News Story

Michigan offered company $28B in corporate welfare, and still didn’t land it

Cash incentive offered to Micron was bigger than Michigan’s budget for state police and corrections

Michigan taxpayers were almost on the hook for $28 billion in corporate welfare and tax abatements to an Idaho-based semiconductor company, The Detroit News reports. But that company, Micron Technology, took a bid from New York State instead and will open its facility near Syracuse.

The Detroit News’ Beth LeBlanc reports that the Michigan Economic Development Corporation made an offer to Micron Technology in Sept. 2022. Between $4 billion in cash and site prep and $23.8 billion in tax abatements over 50 years, that’s nearly $28 billion in state incentives for “Project Copper,” as the deal was called. 

LeBlanc reports:

State economic development officials disclosed this week that they also promised Micron $277 million in direct incentives for its suppliers, more than $800 million for site preparation and infrastructure in Clinton County's Eagle Township and another $480 million in job training for the facility. The total upfront taxpayer investment, pending legislative approval, was more than $4 billion, according to the Michigan Economic Development Corp.

The state’s September offer also included a 50-year property tax break amounting to about $23.8 billion in tax savings for the company over the lifetime of the abatement, according to the MEDC. That tax break would be offset at least partially by a negotiated payment in lieu of taxes.

Michigan made “the largest known offer” of incentives in its history, and Micron still opted for New York. Micron says it will hire 9,000 people.

“The permission to pay less in property taxes or not at all is a very different thing than cash, and it was unclear how much less in property taxes New York offered,” said James Hohman, the Mackinac Center’s director of fiscal policy.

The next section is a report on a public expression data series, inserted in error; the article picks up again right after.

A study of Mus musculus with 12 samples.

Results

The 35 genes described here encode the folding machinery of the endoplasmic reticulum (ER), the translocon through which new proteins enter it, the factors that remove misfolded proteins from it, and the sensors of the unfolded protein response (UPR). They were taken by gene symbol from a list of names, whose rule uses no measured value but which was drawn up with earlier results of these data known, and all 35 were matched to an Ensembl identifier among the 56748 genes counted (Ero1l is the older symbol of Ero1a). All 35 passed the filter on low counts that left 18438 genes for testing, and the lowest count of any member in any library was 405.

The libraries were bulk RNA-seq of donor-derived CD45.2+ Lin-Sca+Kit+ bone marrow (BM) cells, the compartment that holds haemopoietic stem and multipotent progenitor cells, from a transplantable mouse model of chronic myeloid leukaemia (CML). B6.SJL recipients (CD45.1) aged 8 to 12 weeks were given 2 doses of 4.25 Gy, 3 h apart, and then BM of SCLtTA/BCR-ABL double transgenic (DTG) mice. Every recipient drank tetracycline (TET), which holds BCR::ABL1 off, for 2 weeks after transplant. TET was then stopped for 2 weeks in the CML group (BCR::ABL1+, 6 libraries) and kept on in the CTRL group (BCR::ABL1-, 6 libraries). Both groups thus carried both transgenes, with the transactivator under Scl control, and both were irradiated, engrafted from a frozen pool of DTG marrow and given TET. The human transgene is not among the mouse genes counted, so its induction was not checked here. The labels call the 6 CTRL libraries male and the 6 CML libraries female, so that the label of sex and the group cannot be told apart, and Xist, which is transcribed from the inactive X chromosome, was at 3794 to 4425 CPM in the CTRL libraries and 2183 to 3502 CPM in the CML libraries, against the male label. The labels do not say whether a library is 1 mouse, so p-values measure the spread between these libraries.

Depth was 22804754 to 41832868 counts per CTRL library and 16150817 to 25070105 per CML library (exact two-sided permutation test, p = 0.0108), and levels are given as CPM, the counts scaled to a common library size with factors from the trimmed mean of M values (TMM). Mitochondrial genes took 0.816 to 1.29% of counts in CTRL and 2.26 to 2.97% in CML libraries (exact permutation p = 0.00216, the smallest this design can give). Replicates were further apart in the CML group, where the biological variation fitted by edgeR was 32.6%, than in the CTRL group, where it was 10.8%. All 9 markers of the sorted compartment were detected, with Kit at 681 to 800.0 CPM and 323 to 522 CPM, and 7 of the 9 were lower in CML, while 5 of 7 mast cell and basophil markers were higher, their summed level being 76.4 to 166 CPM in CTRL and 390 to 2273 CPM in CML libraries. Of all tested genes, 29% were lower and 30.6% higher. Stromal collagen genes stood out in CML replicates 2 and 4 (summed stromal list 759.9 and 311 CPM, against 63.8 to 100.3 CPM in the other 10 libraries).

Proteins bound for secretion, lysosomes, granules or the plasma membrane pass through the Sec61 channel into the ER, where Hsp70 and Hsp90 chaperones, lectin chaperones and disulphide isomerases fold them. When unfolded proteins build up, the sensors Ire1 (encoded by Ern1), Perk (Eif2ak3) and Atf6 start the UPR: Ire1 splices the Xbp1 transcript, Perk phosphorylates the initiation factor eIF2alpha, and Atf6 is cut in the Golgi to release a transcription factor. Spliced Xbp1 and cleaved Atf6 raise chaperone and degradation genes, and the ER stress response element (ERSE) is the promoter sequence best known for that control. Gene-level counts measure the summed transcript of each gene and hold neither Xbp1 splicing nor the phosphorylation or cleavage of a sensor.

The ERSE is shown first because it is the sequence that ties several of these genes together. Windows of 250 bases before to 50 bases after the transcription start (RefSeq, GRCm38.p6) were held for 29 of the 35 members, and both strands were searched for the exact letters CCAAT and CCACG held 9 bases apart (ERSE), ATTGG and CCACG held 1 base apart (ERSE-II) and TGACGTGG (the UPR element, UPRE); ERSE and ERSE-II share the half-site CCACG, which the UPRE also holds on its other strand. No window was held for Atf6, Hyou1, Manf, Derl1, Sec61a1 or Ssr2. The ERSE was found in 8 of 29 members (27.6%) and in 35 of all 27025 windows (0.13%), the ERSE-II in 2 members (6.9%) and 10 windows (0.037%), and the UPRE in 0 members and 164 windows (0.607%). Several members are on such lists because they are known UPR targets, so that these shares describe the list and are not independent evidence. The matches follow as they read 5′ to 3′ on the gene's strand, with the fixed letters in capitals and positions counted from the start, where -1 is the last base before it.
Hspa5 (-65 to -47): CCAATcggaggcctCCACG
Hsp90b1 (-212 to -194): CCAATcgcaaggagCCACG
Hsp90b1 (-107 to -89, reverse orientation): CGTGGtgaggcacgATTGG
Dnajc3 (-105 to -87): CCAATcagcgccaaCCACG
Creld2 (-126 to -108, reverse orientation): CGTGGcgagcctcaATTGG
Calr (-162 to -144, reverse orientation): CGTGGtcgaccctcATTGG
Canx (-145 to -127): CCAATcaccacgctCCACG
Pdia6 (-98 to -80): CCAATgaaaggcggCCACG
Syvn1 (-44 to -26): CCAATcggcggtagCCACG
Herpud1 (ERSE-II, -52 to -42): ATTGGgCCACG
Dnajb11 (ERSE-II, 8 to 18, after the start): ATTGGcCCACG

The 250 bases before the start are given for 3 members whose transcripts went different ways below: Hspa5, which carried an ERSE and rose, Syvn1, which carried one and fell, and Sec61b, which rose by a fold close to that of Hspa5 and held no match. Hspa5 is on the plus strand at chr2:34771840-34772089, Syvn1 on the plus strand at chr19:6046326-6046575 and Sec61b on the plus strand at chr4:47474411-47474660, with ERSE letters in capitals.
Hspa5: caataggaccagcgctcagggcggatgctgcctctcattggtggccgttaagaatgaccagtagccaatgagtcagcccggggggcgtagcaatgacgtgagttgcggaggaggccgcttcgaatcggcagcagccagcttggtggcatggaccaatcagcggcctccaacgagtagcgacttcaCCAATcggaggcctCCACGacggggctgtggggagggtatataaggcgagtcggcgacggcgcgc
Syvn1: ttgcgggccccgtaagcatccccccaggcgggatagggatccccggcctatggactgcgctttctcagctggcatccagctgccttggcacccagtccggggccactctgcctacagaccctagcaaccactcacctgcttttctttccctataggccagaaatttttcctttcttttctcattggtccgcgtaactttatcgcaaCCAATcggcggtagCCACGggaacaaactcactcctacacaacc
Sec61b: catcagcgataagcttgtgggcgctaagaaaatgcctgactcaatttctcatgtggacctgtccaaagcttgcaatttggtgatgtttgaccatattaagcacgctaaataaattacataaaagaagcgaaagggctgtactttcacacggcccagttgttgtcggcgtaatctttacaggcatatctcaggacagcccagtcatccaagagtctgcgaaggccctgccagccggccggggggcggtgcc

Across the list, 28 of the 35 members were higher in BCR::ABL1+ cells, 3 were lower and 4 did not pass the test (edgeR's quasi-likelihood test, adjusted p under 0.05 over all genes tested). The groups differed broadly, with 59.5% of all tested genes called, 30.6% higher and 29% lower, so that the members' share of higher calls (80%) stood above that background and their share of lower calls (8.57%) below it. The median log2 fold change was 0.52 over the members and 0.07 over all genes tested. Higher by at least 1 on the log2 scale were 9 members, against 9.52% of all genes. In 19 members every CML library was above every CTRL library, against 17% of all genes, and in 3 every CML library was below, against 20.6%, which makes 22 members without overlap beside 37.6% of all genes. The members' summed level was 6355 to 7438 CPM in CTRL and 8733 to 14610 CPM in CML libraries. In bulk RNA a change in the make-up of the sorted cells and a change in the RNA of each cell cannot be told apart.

“The big lure is cash. Money up-front matters, and Michigan offered a lot more of it than New York. The takeaway that the governor wants is that Michigan needs to be able to write bigger checks. The takeaway that people should get is that Michigan shouldn’t be in the business of writing big checks.”

Despite the smaller offer, Project Copper is now Project Yankee, The News reports:

A few weeks after Michigan made its offer, Micron announced it would locate its $100 billion, 9,000-job semiconductor project in New York, a state offering the company $5.5 billion in incentives over the 20-year construction period. The 9,000 workers hired over the 20 years are expected to earn an average annual salary of about $100,000.

The News reports that the $2.5 billion in direct cash incentives Michigan offered Micron “would have exceeded the individual annual budgets last year of about a dozen state departments, including the Michigan State Police, the Department of Natural Resources and the Department of Environment, Great Lakes and Energy,” along with the Michigan Department of Corrections. 

Michigan Capitol Confidential is the news source produced by the Mackinac Center for Public Policy. Michigan Capitol Confidential reports with a free-market news perspective.